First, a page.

October 10th, 2011 Posted in Networking, Security

Here’s a blast from the past. For years I’ve kept an engineering notebook. Simply because after about a decade of playmaking, everything started to blur. Who, what, how and when started to just get hard to track. (And I still haven’t written down everything unfortunately — which really is just a tad irritating when I have to reclimb a mountain once already conquered… :-))

So from time to time, I may reach back and post something of interest, esp. if I’ve had a hard time finding the solution anywhere else. (There’s a million things I’ve done that everyone else has done. You don’t need this blog for that. Click here to find those. :-))

So, once upon a time — I’ll not state the time, place or occasion — I wanted to connect to my Windows shares at home from a remote location inside of a firewall. Now, everyone knows SMB and Windows file sharing in general is notoriously unsecure. How to do this without exposing myself and the network I was on? Enter the old trusty companion, SSH. Here’s how we do it, picking up from a post several years ago:

Original Posting

It’s not too hard to run a remote LAN connection over an SSH tunnel on Windows.  Assuming the SSH tunneling aspect of this is already in place (via Cygwin, PuTTY or something else), here’s what we need to do:

Install the Microsoft Loopback Network Adapter

  • Start Menu -> Programs -> Settings -> Control Panel -> Add or Remove Programs.
  • Next
  • Wizard searches for new hardware — let it.  (It would be nice if MS let us skip this.)
  • “Yes, I have already connected the hardware.”
  • Next
  • Go to bottom of the list and select “Add a new hardware device.”
  • Next
  • “Install the hardware that I manually select from a list (Advanced)”
  • “Network Adapters”
  • Next
  • Manufacturer: Microsoft, Network Adapter: Microsoft Loop Back Adapter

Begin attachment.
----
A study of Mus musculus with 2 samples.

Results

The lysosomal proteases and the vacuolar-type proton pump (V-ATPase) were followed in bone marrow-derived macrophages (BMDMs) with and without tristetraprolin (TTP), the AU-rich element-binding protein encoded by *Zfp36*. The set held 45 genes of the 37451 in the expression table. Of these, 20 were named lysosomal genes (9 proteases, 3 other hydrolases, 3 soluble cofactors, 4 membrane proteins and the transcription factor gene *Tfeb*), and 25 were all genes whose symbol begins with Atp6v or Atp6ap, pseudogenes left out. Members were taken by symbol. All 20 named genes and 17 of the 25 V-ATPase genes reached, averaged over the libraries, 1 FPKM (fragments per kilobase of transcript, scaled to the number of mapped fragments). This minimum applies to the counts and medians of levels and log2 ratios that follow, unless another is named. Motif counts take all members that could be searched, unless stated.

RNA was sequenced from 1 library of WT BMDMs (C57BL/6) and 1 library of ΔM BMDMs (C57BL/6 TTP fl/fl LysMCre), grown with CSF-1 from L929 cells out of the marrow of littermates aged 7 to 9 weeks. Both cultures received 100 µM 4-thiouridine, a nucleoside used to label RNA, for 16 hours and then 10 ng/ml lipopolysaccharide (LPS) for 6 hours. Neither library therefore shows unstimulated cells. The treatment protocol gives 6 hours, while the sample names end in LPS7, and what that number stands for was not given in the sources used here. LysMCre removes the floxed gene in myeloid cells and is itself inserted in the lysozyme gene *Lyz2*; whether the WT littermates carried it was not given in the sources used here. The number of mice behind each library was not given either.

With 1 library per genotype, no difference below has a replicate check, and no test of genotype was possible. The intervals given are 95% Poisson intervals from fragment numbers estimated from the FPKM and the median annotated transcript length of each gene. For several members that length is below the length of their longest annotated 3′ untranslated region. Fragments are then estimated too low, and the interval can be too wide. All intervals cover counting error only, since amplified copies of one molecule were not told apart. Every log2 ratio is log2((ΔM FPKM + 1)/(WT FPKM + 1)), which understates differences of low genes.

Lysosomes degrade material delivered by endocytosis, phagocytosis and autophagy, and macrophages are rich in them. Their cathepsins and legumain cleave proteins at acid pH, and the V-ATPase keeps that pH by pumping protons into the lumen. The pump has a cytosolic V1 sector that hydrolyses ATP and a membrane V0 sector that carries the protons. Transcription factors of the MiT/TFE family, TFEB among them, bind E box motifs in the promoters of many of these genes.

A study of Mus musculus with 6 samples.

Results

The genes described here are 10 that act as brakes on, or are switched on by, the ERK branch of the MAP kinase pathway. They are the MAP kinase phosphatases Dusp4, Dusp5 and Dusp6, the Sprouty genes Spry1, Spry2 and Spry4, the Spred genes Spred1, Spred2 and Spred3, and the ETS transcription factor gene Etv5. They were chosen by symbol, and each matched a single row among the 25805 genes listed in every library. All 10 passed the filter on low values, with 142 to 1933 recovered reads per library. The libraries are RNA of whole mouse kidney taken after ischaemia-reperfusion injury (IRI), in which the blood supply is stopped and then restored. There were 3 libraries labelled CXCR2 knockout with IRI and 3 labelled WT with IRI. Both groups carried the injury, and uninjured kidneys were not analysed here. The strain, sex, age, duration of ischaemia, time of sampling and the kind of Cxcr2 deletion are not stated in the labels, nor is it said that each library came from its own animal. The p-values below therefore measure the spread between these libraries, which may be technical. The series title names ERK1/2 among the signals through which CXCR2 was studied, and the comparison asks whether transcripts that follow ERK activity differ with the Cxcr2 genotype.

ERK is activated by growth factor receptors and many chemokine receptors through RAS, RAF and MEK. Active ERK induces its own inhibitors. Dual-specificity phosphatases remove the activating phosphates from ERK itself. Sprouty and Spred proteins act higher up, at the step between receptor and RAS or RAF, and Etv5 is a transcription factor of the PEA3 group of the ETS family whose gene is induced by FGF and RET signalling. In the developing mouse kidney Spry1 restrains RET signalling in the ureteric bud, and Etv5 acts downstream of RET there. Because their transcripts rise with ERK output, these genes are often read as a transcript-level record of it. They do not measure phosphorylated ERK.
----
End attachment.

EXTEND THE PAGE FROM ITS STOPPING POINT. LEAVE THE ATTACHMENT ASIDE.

• Rename in Networking to something like “Home LAN Connection over SSH” etc.

Loopback Adapter Settings

  •  Make sure only “Client for Microsoft Networks” and “Internet Protocol (TCP/IP)” are checked off.  Turn off “File and Printer Sharing.”
  • For the “Internet Protocol” settings, make up any IP you’d like, so long as it’s not in the same IP class as your main network connection.  Generally, it’s good to pick something in the private C class space and a “gateway address” such as 192.168.42.1.  Just name sure it’s unique to anything else on your network or on the remote network because it should be viewed as a gateway address.
  • Don’t enter any DNS addresses.  Leave blank.  (You don’t need them.)
  • Under “Advanced” turn OFF the “Automatic Metric” and use “9999” as the metric.  (I don’t know why this is important — I haven’t looked into it.)
  • Under “Advanced” and the “WINS” tab, turn OFF “Enable LMHOSTS lookup” — don’t need it (and it’s “chatty”).  And disable NetBIOS over TCP/IP.

Now your networking is set.  Now we just need to port forward ports 137 and 139 for this adapter over the SSH tunnel to the destination we want on the remote side:

SSH Tunnel Port Forwarding Settings

In your SSH config file…

Example:

Host mywin
   Hostname me.homeip.net
   LocalForward  192.168.42.1:137 192.168.0.2:137
   LocalForward  192.168.42.1:139 192.168.0.2:139

Now ssh over to your destination: ssh mywin. Bingo.  Now we can map Windows drives to the remote machine on the other side as if they were local, all over an encrypted SSH tunnel.

net use X: \\192.168.42.1\myshare /user:remoteuser
net use Y: \\192.168.42.1\home /user:remoteuser

I believe once a username has been used with these once, the settings for the share will be placed in the Windows registry and it becomes even more transparent; no /user required.

Additional Notes Added

  • Just make sure your SSH isn’t running in gateway mode, or there could be an exposure here, of course. :-) :-(
  • I never said this would be the speediest thing, but it’s certainly convenient and fast enough if going LAN to LAN over the internet.